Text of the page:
1. #1
    Join Date
    Sep 2003

    After years of problem free operation my 1913 9B has started to spray or 'pulse' fuel from the bottom of the float bowl (main nozzle). After inspection I replaced the float which was cork and had deteriorated and then re-assembled it but the problem remains. I have checked the carb settings, all the usual stuff. I'm sure the problem must be the carb but the pulse relates to the stroke so I also rechecked the inlet timing. No leaks, easy starting and the motor runs great but the spray is a problem. The only recent alteration has been installing a new throttle shaft. Can anyone point me in the right direction please.
    Thanks.
    Ian Biddle
    www.f-head.com

  2. #2
    Join Date

    What kind of replacement float did you install, Ian?

    There's some HX boat anchors out there, both brass and molded.

    The next thing I would inspect would naturally be the airvalve.

    ....Cotten
    Last edited by T. Cotten; 09-22-2019 at 10:39 AM.
    AMCA #776
    Dumpster Diver's Motto: Seek,... and Ye Shall Find!

  3. #3
    Join Date

    I used a moulded Nitrofill (Nitrile) type. They seem good and are what I have used on my other teensters.
    The Schebler manual also suggests the air valve. The stem might be loose in the adjuster but I wondered if I am missing anything more obvious before I tackle the valve.
    Thanks for your advice.
    Ian Biddle
    www.f-head.com

  4. #4

    Did you weigh your new float, Ian?

    Or at least compare them, hand to hand?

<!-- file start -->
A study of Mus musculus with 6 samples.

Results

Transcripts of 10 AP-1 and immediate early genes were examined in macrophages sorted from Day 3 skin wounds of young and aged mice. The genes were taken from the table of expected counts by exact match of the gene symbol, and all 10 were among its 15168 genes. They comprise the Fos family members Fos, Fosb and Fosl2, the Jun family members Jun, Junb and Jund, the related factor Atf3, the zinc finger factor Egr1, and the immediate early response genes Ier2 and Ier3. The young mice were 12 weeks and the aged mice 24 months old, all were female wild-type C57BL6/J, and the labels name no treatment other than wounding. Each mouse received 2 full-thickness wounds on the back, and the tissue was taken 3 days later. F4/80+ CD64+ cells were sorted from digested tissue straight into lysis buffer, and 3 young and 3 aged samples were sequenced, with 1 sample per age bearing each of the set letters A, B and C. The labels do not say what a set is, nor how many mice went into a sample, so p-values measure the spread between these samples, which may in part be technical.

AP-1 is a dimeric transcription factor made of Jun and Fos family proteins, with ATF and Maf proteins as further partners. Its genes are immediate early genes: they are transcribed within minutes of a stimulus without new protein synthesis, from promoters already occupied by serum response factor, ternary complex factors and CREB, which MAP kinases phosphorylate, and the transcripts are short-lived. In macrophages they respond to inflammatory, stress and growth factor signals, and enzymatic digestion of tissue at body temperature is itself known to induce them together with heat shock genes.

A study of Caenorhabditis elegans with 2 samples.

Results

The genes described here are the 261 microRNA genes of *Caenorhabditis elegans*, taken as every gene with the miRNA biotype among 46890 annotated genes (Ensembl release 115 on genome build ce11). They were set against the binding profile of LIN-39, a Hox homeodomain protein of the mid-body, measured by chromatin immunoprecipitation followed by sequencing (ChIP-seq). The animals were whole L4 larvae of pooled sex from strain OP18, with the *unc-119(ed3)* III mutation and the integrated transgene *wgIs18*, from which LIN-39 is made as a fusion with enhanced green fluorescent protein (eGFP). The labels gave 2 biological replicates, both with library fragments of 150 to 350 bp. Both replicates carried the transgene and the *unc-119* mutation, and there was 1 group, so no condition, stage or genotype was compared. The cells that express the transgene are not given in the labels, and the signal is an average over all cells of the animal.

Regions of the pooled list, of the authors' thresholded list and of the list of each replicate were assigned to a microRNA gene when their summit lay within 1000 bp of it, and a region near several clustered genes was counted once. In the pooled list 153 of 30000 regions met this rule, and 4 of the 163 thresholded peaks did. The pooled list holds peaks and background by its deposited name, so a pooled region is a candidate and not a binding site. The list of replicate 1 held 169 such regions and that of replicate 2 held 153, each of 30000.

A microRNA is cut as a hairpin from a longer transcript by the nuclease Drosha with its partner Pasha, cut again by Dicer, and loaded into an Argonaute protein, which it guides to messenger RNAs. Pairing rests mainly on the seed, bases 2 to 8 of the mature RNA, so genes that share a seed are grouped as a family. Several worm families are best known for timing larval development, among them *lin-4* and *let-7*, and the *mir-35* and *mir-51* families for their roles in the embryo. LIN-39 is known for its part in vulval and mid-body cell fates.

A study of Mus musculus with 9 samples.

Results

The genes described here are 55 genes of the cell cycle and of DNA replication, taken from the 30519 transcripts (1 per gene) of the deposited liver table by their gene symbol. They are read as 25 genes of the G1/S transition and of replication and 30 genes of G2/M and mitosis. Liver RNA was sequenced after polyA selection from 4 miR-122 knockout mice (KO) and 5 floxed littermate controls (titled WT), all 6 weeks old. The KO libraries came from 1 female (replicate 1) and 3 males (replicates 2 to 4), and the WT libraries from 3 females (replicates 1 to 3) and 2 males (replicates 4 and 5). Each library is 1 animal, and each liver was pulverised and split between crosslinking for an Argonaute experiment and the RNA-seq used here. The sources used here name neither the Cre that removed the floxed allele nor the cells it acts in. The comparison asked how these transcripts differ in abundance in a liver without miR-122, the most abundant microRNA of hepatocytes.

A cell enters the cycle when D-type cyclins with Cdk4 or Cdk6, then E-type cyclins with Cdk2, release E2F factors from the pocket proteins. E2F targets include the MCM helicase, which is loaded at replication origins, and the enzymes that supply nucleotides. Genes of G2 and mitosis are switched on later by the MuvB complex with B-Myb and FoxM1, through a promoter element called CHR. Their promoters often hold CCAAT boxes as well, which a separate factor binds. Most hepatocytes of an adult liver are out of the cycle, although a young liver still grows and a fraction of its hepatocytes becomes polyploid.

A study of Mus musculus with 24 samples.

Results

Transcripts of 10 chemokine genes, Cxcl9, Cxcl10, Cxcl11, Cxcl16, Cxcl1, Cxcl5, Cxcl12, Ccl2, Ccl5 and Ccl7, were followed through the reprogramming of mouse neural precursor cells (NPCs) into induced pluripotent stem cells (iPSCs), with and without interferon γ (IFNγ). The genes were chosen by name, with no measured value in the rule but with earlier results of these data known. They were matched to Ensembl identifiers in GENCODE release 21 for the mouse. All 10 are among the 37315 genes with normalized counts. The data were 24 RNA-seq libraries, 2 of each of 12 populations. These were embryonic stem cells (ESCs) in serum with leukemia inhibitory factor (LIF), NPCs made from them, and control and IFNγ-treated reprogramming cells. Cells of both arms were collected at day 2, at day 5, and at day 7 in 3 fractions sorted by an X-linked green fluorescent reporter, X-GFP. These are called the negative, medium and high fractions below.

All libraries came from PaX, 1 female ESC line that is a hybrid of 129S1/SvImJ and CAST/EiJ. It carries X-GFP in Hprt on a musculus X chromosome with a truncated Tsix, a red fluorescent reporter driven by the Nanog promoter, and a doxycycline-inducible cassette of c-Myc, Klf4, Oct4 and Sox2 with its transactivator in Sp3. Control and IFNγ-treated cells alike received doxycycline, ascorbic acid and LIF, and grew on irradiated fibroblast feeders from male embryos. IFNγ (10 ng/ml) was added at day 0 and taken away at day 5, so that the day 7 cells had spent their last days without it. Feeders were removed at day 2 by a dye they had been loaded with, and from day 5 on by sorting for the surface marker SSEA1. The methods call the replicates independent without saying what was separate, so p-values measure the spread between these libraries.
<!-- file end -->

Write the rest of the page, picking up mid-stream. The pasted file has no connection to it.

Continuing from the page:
(And beware of swelling in USA fuels...)

    ....Cotten
    PS: There's been at least thirteen different Nitrophyls, not counting the counterfeits.
    Only the very last has proven itself against P4gas, and nobody (except auto manufacturers) paid the royalty to mold it.
    Last edited by T. Cotten; 09-22-2019 at 03:04 PM.
    AMCA #776
    Dumpster Diver's Motto: Seek,... and Ye Shall Find!

  5. #5

    Hi Cotten, no I did not weigh the two floats but the old cork and the new Nitrile floats are similar in size.
    There is plenty of clearance in the bowl, no binding and good movement when fuel rises.
    The new float has only been in a few days so no swelling yet! I presumed Nitrile would not swell.
    I was not aware this was such an issue.
    Is your suggestion that the density of the float might mean there is still too much flow of fuel?
    Thanks.
    Ian Biddle
    www.f-head.com

  6. #6

    If the same size of float weighs three times as much.

    T'aint nothing "nitrile", no matter what you bought... (Since the proprietor of the original Nitrophyl won't protect their name, its become "generic".)

    Stay away from P4gas, or it won't stay the same size either.

    ....Cotten
    AMCA #776
    Dumpster Diver's Motto: Seek,... and Ye Shall Find!

  7. #7

    Thanks again, I'll get the weighing scales out tomorrow.
    Ian Biddle
    www.f-head.com

  8. #8
    Join Date
    Sep 2003

    The old cork float was 2.5 grams and the Nitrile was 5 grams. The depth of the latter was also much deeper (18mm v 12.5mm). I turned the Nitrile one down in size removing 2 grams.
    After refitting I still had the same problem. Now I will look at the air valve.
    Ian Biddle
    www.f-head.com

  9. #9
    Join Date

    Isn't just about weight, but also volume.

    Making the float lighter doesn't help if it makes it smaller.

    A buoyant float can be set to book spec, saving a lot of tail-chasing.

    ....Cotten
    PS: Please note in this jar of fuel are four different 'nitrophyl' Linkert replacements, including the one on the bottom
    Making it smaller won't make it float.
    Attached Images Attached Images
    Last edited by T. Cotten; 09-24-2019 at 09:55 AM.
    AMCA #776
    Dumpster Diver's Motto: Seek,... and Ye Shall Find!

  10. #10
    Join Date

    Ian, buy one of Tom's Durable lifetime guarantee floats and the float variable will be removed from the equation.